Calling all salmon enthusiasts! Puget Soundkeeper is searching for dedicated volunteers to survey coho salmon returning to Longfellow Creek in West Seattle starting October 10th, 2022!
Through surveying, you will gain scientific fieldwork experience, witness one of nature’s most amazing migrations, and help our community protect one of the Pacific Northwest’s most iconic species (the coho salmon). The data we collect will help us understand the effects of toxic runoff on coho salmon and determine the best methods to protect them in the future!
What will you be doing?
- Training: First, you will complete a virtual webinar training on October 3rd from 5 – 6 pm. A link to this training will be emailed to you once you have registered. If you cannot make it, the training will be recorded.
- Surveying: Starting the week of October 10th, you will survey Longfellow Creek for salmon and their carcasses once a week. Surveys should take approximately 1-2 hours to complete. Volunteers will be divided into teams of 2-3 people and assigned a weekday to conduct their survey.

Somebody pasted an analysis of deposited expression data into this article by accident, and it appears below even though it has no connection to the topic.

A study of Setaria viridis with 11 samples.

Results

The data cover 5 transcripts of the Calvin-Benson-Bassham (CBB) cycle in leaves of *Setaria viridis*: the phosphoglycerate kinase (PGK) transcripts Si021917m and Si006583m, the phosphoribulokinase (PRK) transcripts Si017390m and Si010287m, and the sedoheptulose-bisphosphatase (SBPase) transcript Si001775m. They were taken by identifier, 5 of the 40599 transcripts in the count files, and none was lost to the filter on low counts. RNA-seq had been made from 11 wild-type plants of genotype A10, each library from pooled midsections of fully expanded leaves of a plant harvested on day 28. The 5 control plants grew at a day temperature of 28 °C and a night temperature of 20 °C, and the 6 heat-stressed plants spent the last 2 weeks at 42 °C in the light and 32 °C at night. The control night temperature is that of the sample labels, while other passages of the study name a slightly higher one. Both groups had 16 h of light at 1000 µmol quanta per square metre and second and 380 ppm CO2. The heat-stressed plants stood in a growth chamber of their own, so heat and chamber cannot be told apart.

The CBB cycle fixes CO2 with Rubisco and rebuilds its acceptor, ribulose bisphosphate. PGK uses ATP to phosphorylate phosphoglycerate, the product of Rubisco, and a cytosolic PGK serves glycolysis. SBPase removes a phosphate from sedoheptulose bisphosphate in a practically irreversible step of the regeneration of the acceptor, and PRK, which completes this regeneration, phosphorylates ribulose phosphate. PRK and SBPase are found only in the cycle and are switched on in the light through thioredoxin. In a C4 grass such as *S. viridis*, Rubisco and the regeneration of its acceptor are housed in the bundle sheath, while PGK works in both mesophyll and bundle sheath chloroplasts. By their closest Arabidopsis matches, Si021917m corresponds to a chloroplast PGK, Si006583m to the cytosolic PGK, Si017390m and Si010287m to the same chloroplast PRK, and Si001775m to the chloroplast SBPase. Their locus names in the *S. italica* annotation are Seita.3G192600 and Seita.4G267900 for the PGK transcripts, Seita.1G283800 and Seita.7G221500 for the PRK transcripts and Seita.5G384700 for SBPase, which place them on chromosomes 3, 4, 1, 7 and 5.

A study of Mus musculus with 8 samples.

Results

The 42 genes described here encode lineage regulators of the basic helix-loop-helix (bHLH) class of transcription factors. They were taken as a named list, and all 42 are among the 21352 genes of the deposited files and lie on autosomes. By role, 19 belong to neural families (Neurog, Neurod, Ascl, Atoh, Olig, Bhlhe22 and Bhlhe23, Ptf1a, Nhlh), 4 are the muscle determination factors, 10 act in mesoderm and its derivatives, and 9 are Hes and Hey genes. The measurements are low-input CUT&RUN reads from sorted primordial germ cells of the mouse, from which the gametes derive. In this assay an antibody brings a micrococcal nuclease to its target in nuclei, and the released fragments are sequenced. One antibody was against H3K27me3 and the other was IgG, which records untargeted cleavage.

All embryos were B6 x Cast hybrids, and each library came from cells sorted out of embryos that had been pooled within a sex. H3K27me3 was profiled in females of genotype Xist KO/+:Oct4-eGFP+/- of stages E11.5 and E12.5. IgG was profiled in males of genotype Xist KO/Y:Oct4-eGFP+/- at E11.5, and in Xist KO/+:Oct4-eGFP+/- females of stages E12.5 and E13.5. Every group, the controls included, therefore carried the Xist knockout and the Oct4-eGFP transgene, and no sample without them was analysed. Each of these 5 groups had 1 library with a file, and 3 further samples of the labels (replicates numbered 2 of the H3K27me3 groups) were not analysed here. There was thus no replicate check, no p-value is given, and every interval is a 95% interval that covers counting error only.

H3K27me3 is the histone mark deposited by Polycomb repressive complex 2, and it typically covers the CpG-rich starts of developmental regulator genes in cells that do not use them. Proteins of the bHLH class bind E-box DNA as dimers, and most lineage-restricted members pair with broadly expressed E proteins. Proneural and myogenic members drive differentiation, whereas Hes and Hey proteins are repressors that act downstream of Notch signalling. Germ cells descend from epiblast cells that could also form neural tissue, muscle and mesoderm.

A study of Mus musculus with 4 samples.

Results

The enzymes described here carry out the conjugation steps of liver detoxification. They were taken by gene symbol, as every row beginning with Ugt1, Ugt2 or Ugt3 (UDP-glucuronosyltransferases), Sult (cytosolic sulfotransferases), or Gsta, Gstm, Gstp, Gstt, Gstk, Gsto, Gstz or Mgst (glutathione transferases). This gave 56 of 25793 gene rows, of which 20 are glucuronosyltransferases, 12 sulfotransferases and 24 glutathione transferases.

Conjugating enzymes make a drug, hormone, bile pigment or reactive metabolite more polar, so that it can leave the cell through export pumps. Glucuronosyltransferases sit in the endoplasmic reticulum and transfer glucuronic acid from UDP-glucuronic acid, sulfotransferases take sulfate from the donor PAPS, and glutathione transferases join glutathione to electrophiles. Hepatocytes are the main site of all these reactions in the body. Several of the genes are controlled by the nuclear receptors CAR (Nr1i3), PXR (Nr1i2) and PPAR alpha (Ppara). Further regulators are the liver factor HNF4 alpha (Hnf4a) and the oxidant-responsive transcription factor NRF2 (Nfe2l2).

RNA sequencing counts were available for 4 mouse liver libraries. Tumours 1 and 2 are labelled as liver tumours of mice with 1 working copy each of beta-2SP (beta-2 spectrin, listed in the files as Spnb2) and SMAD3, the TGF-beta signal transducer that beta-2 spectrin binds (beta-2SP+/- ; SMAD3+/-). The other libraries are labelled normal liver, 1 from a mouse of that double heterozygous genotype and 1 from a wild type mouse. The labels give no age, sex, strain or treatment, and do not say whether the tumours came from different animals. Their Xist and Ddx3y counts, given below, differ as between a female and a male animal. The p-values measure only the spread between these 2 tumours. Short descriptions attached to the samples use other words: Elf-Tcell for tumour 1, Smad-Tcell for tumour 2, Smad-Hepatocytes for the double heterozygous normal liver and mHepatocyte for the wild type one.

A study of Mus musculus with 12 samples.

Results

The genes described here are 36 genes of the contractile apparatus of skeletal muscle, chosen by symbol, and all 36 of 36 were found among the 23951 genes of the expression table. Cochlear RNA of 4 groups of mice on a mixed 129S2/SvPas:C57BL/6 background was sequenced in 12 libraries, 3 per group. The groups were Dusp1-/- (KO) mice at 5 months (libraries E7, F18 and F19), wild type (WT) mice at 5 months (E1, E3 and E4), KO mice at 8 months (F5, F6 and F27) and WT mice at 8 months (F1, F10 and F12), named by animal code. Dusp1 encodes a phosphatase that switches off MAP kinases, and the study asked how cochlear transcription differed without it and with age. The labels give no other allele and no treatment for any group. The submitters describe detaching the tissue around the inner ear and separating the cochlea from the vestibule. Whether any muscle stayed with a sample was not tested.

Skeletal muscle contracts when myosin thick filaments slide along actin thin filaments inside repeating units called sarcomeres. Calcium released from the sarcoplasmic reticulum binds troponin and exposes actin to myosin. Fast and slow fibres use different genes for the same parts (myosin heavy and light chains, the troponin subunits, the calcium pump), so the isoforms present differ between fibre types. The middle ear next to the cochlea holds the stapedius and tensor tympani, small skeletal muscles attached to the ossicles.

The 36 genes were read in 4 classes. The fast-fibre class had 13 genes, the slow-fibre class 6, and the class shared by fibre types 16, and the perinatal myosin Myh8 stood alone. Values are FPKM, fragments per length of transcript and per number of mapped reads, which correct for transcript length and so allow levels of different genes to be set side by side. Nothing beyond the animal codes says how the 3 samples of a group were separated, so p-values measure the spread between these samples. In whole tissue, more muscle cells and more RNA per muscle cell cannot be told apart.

Are there any requirements for volunteers?
Yes, besides committing to surveying salmon once a week through the end of spawning season, you need to be:
- At least 18 years old.
- Masks are required when social distancing isn’t feasible.
- Comfortable with handling fish carcasses (with gloves) and dissecting female salmon to check for eggs.
- In good physical condition. Surveying in Longfellow Creek requires climbing up and down steep muddy embankments and wading through shallow water on uneven terrain.
- Comfortable conducting surveys in varying weather conditions. If conditions are dangerous (e.g. a downpour), we will cancel on that day. Otherwise, we survey rain or shine.
- Volunteers should also come prepared with their own waders and rain gear, but surveying kits will be provided. If you don’t have your own gear please let us know and we can figure something out!
Why is this important?
Each fall, a population of coho salmon enters the Duwamish River from Elliott Bay, and then swims up Longfellow Creek to spawn. As coho migrate through these urbanized waterways, they encounter a chemical cocktail of toxic runoff from roadways and other paved surfaces. These chemicals severely disorient adult coho, causing the salmon to die before reproducing (also known as “pre-spawn mortality” or “Urban Runoff Mortality Syndrome”).
Previous surveys conducted by the City of Seattle and NOAA on Longfellow Creek have found pre-spawn mortality rates of up to 90% amongst females, an alarmingly high statistic. Tracking the number of salmon that return to Longfellow Creek every year and the pre-spawn mortality rate are great indicators of the health of our local waterways.
Contact Gillian at Gillian@pugetsoundkeeper.org with any questions.